Submission to the ACCC foreign currency conversion services inquiry
Our mission is to help Australians to make better decisions and, as such, we welcome the ACCC inquiry into foreign currency conversion services. We don't provide foreign currency conversion services directly so we will predominantly use this submission to share our findings from consumer surveys on the topic alongside our perspective of the competitive dynamics of the industry.
We think the markets for international money transfers and travel money in Australia face different challenges so have discussed them separately. As a summary:
- With regards to international money transfers, there is a minority of Australians that are sending money overseas and there is confusion about where to find the best exchange rates. However, the market is now highly competitive and can be made relatively simple for consumers to understand.
- The market for travel money is more complex and can be hard for users to understand. A key factor to consider is that many consumers won't use all of the money exchanged which can undermine the benefit of competitive exchange rates.
- We believe that the travel money end of the foreign exchange market should be the main focus of the ACCC inquiry.
International money transfers:
Our research shows that it's a minority of Australians that are sending money overseas. One finder.com.au survey of over 2,000 Australians from January 2018 found that less than one in three people (32%) had sent money abroad once or more. The reasons for sending money internationally were varied but the same survey found that 49% were sending money as gifts and 37% were sponsoring dependent relatives in another country. These were the two most popular reasons for sending money abroad so high fees on sending money abroad can act as a tax on these worthy actions.
The same consumer survey found that there was significant confusion about where the best exchange rates could be found. When asked to choose the provider that they thought offered the most favourable exchange rate out of banks, PayPal or specialist money transfer providers, 43% of respondents said that they "did not know". Further to this, 17% of respondents believed that banks could offer the best rate. This stood in contrast to the Finder analysis performed at the time that looked at the average fee to send $300 to a bank account in the UK. Of the six specialist transfer providers examined , the average sending fee was $6.75 which was better 1 value than the Big Four banks which charged an average of $11 for the same transaction.
Our view is that it should not be difficult to compare the best deals when it comes to international money transfers. The ability to show customers the "amount received" by the recipient reduces the need for them to fully understand fees, margins and exchange rates. Our page on international money transfers lays this out clearly. The customisable table allows customers to enter in the amount they wish to transfer, the currency they wish to transfer to, and then sort the results by the amount received by the other party. The simplicity of these comparisons has made the market price-competitive and this is resulting in better options for the customer.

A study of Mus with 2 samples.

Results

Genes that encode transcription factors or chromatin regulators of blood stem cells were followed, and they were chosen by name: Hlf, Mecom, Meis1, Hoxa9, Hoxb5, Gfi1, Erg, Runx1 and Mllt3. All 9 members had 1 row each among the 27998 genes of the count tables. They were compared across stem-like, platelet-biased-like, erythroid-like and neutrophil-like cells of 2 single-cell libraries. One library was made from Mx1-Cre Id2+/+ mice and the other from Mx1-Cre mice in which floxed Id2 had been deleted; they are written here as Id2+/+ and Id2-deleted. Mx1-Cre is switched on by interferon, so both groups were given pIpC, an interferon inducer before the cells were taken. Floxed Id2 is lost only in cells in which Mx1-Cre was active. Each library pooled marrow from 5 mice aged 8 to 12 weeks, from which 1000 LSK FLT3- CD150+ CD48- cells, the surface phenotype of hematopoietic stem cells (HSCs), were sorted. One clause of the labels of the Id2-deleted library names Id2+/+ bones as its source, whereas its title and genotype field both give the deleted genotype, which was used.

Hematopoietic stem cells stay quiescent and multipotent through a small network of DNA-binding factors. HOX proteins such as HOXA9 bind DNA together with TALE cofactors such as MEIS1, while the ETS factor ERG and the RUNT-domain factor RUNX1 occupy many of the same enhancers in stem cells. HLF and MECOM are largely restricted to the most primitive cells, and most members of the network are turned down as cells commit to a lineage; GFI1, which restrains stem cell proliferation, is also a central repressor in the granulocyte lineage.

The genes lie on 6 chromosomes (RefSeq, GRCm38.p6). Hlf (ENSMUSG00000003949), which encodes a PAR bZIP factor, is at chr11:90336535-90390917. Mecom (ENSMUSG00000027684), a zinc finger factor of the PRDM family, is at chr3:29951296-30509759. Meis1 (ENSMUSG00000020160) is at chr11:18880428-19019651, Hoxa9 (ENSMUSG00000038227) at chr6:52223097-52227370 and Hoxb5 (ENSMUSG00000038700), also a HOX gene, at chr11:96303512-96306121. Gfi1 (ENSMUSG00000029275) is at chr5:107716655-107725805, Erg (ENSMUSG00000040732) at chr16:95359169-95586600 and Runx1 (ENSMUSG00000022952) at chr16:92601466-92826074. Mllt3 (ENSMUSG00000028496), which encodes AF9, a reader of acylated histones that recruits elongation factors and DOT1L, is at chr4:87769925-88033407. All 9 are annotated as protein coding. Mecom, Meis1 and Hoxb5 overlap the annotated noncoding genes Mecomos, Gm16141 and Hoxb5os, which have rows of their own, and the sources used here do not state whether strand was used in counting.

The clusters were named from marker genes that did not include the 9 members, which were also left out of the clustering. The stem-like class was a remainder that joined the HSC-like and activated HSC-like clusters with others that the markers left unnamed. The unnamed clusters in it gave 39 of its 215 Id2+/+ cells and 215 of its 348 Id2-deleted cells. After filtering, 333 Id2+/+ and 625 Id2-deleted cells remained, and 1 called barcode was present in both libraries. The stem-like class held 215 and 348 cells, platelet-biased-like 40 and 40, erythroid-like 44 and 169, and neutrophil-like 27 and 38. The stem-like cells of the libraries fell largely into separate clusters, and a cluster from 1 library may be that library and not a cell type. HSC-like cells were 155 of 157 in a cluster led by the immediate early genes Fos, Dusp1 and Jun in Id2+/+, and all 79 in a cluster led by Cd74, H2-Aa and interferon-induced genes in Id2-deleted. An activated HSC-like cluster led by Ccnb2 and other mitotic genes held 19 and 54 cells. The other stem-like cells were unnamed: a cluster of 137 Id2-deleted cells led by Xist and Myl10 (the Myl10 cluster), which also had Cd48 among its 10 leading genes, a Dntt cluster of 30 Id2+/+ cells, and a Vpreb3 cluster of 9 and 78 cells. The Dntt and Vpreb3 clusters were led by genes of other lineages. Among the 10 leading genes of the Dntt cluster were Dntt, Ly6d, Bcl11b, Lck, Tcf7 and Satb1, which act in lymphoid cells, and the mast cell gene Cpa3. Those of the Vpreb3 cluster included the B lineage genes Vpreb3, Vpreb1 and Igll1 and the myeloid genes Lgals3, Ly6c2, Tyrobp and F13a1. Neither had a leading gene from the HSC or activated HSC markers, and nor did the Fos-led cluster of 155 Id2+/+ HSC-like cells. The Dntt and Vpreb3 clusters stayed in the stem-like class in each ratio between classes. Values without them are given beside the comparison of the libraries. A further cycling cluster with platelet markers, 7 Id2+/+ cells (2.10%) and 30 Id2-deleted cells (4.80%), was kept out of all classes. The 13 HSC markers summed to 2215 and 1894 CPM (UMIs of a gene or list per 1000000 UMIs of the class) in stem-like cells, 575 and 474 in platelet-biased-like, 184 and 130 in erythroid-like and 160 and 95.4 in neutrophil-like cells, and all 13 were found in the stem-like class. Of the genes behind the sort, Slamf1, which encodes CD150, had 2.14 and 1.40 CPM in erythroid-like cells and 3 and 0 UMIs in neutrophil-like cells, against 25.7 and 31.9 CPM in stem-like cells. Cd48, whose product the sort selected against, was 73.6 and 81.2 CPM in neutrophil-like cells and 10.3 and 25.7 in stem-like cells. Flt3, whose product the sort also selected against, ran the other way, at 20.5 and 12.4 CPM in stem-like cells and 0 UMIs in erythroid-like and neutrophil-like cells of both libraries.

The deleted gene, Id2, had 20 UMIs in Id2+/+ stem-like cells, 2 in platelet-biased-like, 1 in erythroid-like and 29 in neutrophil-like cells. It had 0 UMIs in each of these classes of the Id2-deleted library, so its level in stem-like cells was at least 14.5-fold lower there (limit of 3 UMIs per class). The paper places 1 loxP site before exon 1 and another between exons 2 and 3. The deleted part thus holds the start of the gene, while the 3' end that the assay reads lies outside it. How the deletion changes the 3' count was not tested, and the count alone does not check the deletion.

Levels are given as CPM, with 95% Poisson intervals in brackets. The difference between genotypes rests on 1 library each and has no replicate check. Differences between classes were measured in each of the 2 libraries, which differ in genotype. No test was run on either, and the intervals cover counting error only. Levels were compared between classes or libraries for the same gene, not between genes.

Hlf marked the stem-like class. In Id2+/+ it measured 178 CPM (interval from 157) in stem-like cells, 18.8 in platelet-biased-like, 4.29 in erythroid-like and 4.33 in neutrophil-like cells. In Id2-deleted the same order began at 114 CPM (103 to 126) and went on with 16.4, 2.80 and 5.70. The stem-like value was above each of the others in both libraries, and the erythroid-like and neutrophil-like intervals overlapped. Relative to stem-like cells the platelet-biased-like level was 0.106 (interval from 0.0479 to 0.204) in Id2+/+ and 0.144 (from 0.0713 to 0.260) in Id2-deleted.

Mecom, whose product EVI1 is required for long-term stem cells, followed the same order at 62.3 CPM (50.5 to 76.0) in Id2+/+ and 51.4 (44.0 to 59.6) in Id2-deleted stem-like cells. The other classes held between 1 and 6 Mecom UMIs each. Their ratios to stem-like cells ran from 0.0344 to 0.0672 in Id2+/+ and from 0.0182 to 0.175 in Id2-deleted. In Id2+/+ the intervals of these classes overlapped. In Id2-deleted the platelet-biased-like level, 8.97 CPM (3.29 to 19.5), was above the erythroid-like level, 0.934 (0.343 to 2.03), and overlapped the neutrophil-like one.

We acknowledge our bias but we do believe that pointing customers towards services like Finder will remove the guesswork and calculations when it comes to international money transfers whilst also ensuring that providers are offering competitive rates.
Consumers are faced with a more challenging decision when looking for the most suitable currency conversion deal whilst travelling internationally. From cash exchange, to prepaid travel cards, to credit cards and debit cards, there are lots of travel money options that customers can use around the world.
Prepaid travel cards, credit cards, debit cards and cash all have their uses, and the differences lie in their features and fees. Our view is that it is normally preferable for a consumer to take a combination of travel money options to ensure there is a backup option if one fails. To further complicate things, different options will be required depending on where the traveller is going as some prepaid cards only work with a restricted number of currencies. Then a consumer must also consider any third-party charges from using an overseas ATM provider, which is nearly impossible for consumers to predict or calculate in advance. Given this complexity, it is challenging to point a consumer towards the optimum solution.
Another consideration is that even when a consumer has gone to the effort of researching their options, they will likely not use all of the funds converted. One finder.com.au survey from March 2018 found that two thirds (66%) of Australians returned from an overseas holiday with unused foreign cash and a further one in four (24%) returned with funds left on their travel cards. The same survey found that the average value of this unused cash and funds left on travel money cards was $184. Furthermore, in some circumstances this leftover money cannot be withdrawn or exchanged back without further fees from the provider. This can lead to a situation where the value left unused is greater than the fees that would've been charged for using a normal debit and/or credit card abroad so the benefits from better exchange rates or lower fees are not realised.
On our travel money page we present a number of options available to consumers with background information to help them decide what might work best for them. However, we recognise that it is still challenging for even a well-informed consumer to decide on what the best option will be for them. As a result, we believe the ACCC inquiry should focus primarily on travel money and we look forward to hearing the outcomes of the inquiry.